Cheese and Leek Bread Pudding with Cranks
Cranks and I go back a long way. The Dartington Cider Press branch, now Cranks Kitchen, opened many years ago, when I was at school. It was a very exciting prospect for an ever hungry bunch of teenagers and it was only a couple of hundred yards down the hill. We couldn’t afford much, but I do remember wolfing down a fair number of cheese baps and date slices. I have been a frequent visitor ever since. When I was invited to attend a new product launch event there a few week ago, I was not going to say no.
Cranks was a hippy vegetarian wholefood cafe that first opened its doors in Carnaby Street in 1961. It has been weathering the storms of foodie fashion ever since by staying true to the concept of its founder, David Canter – delicious food that is good for both body and soul. Cranks Kitchen is now the sole restaurant and it still cooks slow food using locally sourced ingredients wherever possible. Much of the same food that was available to me back in the 1970s is still on the menu now. Latterly, Richard Corrigan has teamed up with Cranks’ bakery to create some new slow rise breads. As well as Carry on Carrot and Breaditerranean, there is one which particularly resonates with me: Hippity Hoppity is a cheese and potato bread inspired by the famous Cranks’ homity pie. I’ve been eating and enjoying homity pie for more years than I care to remember.
I was lucky enough to sit with Richard Corrigan and be entertained by his Irish wit and free flowing conversation throughout our meal. It was his suggestion to share a platter of food from the menu rather than each ordering our own individual meal. This was a great idea that immediately appealed to me, as I too like to try a little bit of everything. The staff coped with good will and grace to our unusual request and a large plate full of savoury bites and colourful salads soon appeared. Quite what we had has rather faded from memory now, but it was all very tasty. I know we had some homity pie, I’m not likely to forget that and I also know we had some of this savoury cheese and leek bread pudding.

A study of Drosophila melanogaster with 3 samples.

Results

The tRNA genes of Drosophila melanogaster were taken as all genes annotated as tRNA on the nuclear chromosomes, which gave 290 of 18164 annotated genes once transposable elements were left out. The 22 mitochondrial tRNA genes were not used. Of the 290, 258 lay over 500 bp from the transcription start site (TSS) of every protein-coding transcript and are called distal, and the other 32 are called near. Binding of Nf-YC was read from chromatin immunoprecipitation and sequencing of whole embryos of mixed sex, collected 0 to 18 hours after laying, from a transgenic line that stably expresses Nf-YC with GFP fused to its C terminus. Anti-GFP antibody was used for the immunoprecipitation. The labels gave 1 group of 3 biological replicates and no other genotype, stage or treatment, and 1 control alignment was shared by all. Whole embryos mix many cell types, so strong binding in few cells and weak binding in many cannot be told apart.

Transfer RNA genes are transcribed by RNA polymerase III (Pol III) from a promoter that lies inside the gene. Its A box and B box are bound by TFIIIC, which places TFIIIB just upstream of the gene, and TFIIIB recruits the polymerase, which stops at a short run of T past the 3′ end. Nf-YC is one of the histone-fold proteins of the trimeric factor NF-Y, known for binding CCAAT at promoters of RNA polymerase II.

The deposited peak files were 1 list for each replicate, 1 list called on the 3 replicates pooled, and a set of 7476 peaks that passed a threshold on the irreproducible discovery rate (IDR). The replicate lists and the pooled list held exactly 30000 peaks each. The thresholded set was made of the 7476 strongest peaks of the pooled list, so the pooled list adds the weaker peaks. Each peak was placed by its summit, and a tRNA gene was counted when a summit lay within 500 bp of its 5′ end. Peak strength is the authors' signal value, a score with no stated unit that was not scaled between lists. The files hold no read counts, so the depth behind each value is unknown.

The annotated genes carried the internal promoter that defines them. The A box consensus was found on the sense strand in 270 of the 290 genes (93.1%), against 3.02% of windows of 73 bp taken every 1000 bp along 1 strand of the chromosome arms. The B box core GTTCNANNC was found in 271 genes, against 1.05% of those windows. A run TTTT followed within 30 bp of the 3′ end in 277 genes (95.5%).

The restaurant was packed with happy diners, mostly regular customers invited for the launch, which seems a particularly gracious way of saying thank you. The staff were cheerful and helpful, the food was excellent and we were all given a rather large goodie bag on arrival. The festive atmosphere was supported by a generous number of balloons – and there was cake. Cake always puts a smile on people’s faces and it certainly did on ours. Not a crumb remained by the time we left the table. The goodie bag contained a loaf of Cranks wholemeal, which incidentally is one of the nicest wholemeal loaves I’ve ever had; also included were a Hippity Hoppity loaf, a couple of bags of dried beans and excitingly, a new edition of Cranks Recipe Book by David Canter, first published in 1982.
I was so excited by the new Cranks recipe for savoury cheese and leek bread pudding, that I made some for supper the very next day. We were both rather hungry and I didn’t have time for pictures, so what you can see at the top of this post are the leftovers. These didn’t stay leftover for long; the pudding was almost as delicious cold as it was hot. We ate ours with purple sprouting broccoli – highly recommended.
As we were given a paper recipe card to take away, I am entering this into Recipe Clippings over at FarmersgirlKitchen
Likewise I am entering this into Jac’s Bookmarked Recipes over at Tinned Tomatoes.
As this is a fairly frugal meal, using up bits of old bread, I am entering this into Credit Crunch Munch with Michelle over at Utterly Scrummy Food for Families. This challenge is run by Fab Food 4 All and Fuss Free Flavours.
- 2 medium leeks - sliced
- 400 g (14oz) Cranks Hippity Homity Loaf- sliced and cut into triangles (I used Cranks wholemeal loaf).
- 150 g (5oz) cheddar cheese - grated
- 40 g (1.5oz) salted butter
- 600 ml (1 pint) milk
- 3 medium eggs
- freshly ground black pepper
- ½ tsp sea salt (I omitted this as I figured the cheese and butter were quite salty enough).
- Grease a 1.5l baking dish with a little butter. Melt the remaining butter in a frying pan and gently fry the leeks for about five minutes, until softened.
- Put a layer of bread in the base of the baking dish. Scatter half the leeks on top, then sprinkle with half the grated cheese. Arrange the remaining bread triangles over the surface, followed by the rest of the leeks.
- Beat the milk and eggs together and season to taste. Pour evenly over the bread, then sprinkle with the remaining cheese. Leave to stand for 20 to 30 minutes.
- Preheat the oven to 190°C / 375°F / gas mark 5. Bake the pudding for 30 to 35 minutes, until puffed-up and golden brown.